This amazing achievement was announced by Dr. Christopher Gobler, one of the professors at the Stony Brook University School of Marine and Atmosphere Sciences who authored a recent paper on this progress. “When we began this program, Great South Bay was the greatest hard clam fishery in New York State, and Shinnecock Bay, because it is 10 times smaller, was always a fraction of the harvest in Great South Bay. Today, the landings of hard clams in Shinnecock Bay exceed the landings in Great South Bay, despite it being 10 percent of its size.”
The ironic placement of an adjacent article in the Southhampton Press was less optimistic. Scientists are studying yet another die-off of scallops this season in Peconic Bay. Whether this is because of schools of cownosed rays, or water temperatures, other parasites, salinity or dissolved oxygen levels, the point is it is all being scientifically assessed at Stony Brook University.
Home owners on the water now have several options to participate in the health of the Bay, through The Living Shoreline Project.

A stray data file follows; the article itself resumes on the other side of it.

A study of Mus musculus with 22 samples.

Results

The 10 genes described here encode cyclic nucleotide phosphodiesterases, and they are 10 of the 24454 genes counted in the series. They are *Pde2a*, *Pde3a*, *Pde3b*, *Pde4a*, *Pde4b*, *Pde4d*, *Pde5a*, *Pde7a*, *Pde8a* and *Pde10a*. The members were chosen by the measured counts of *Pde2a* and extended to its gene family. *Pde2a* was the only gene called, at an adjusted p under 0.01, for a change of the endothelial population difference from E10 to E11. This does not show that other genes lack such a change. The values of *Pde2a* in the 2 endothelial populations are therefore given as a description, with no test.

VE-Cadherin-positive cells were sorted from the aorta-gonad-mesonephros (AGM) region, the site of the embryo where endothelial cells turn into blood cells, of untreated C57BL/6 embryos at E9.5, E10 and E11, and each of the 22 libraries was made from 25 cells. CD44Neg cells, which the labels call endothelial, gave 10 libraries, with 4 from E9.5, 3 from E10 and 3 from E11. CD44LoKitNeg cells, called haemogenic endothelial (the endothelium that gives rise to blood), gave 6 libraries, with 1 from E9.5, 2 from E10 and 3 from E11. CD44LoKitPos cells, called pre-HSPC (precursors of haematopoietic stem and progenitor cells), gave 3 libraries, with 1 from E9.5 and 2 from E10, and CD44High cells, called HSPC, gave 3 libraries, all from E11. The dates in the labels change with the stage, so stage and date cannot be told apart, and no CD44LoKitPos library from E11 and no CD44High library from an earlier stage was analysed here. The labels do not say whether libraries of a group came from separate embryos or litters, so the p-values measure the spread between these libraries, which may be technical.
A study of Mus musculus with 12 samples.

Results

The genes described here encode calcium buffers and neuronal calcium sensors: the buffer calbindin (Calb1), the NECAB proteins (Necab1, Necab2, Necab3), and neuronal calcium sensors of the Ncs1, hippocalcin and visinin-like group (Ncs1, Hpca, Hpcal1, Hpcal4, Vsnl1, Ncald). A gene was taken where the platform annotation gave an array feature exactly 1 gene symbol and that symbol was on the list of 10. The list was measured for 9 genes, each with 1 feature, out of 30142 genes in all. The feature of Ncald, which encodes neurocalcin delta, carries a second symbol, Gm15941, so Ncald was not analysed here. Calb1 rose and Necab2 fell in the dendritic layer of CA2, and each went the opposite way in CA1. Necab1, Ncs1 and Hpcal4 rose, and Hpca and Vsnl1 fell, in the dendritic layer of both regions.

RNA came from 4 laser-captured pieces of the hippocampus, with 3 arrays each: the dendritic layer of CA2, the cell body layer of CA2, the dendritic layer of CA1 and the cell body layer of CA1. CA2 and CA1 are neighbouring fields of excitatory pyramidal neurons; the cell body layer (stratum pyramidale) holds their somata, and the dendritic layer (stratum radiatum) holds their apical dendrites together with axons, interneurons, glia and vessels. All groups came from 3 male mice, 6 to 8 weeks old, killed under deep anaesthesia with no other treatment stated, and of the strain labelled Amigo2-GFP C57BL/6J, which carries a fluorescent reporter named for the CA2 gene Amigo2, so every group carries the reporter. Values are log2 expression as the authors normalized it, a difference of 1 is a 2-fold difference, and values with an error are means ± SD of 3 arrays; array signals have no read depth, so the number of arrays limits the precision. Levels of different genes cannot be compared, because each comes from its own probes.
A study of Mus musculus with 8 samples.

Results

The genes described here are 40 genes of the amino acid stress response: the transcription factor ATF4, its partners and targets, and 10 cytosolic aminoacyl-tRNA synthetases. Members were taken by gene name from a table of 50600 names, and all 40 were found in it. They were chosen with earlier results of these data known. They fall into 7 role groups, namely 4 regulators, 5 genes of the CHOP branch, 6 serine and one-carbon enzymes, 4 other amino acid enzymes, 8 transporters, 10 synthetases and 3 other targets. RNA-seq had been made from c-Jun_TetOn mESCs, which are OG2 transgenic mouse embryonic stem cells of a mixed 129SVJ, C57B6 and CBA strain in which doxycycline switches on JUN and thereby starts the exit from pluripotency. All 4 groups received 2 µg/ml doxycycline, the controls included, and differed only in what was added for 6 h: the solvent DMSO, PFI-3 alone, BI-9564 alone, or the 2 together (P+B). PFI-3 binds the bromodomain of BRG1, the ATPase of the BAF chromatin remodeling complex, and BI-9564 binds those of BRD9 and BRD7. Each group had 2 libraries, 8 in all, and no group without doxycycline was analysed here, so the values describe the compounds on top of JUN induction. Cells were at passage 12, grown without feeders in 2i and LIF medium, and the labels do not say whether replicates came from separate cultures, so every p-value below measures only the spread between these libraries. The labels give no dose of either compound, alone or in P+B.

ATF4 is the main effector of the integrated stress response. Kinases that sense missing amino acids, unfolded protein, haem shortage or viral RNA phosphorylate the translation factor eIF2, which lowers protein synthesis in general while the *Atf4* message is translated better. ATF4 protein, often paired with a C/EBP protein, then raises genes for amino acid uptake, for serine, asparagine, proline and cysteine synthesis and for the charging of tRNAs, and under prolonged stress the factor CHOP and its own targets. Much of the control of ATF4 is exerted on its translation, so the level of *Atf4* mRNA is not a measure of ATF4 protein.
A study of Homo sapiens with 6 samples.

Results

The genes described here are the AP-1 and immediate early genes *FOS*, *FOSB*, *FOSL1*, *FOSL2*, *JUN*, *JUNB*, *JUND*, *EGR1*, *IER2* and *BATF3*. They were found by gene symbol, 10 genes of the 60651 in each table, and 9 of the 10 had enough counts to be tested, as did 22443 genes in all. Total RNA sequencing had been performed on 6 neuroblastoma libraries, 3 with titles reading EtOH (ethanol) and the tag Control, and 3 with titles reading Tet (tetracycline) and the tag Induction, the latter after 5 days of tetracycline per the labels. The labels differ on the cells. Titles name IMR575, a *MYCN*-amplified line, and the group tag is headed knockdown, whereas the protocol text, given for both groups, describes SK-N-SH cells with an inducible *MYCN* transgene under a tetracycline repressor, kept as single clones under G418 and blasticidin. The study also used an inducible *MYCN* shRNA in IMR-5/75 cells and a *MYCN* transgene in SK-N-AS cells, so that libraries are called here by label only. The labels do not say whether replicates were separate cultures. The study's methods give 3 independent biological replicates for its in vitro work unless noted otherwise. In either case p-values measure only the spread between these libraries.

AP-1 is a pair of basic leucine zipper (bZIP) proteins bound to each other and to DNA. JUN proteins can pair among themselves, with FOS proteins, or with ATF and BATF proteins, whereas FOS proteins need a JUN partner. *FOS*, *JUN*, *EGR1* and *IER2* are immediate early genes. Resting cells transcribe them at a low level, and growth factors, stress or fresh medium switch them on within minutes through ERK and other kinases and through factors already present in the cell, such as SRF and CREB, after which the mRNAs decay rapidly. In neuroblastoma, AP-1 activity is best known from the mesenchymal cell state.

The proposed Living Shoreline Demonstration Project is a cooperative arrangement between the Peconic Estuary Program and Cornell University Cooperative Extension (CCE) to provide options in place of full-scale bulkheads and similar hardened structures that protect residential shorelines. The benefits of living shoreline techniques over traditional shoreline hardening methods include lower installation and maintenance costs, maintaining/creating natural salt marsh habitat, adaptability to natural forces and sea level rise, and maintaining/creating the natural shoreline aesthetic. The goal of this project is to create centralized location where local and regional government agencies (e.g., Town Trustees and NYSDEC) can direct the public to view and learn about alternatives to traditional shoreline hardening methods.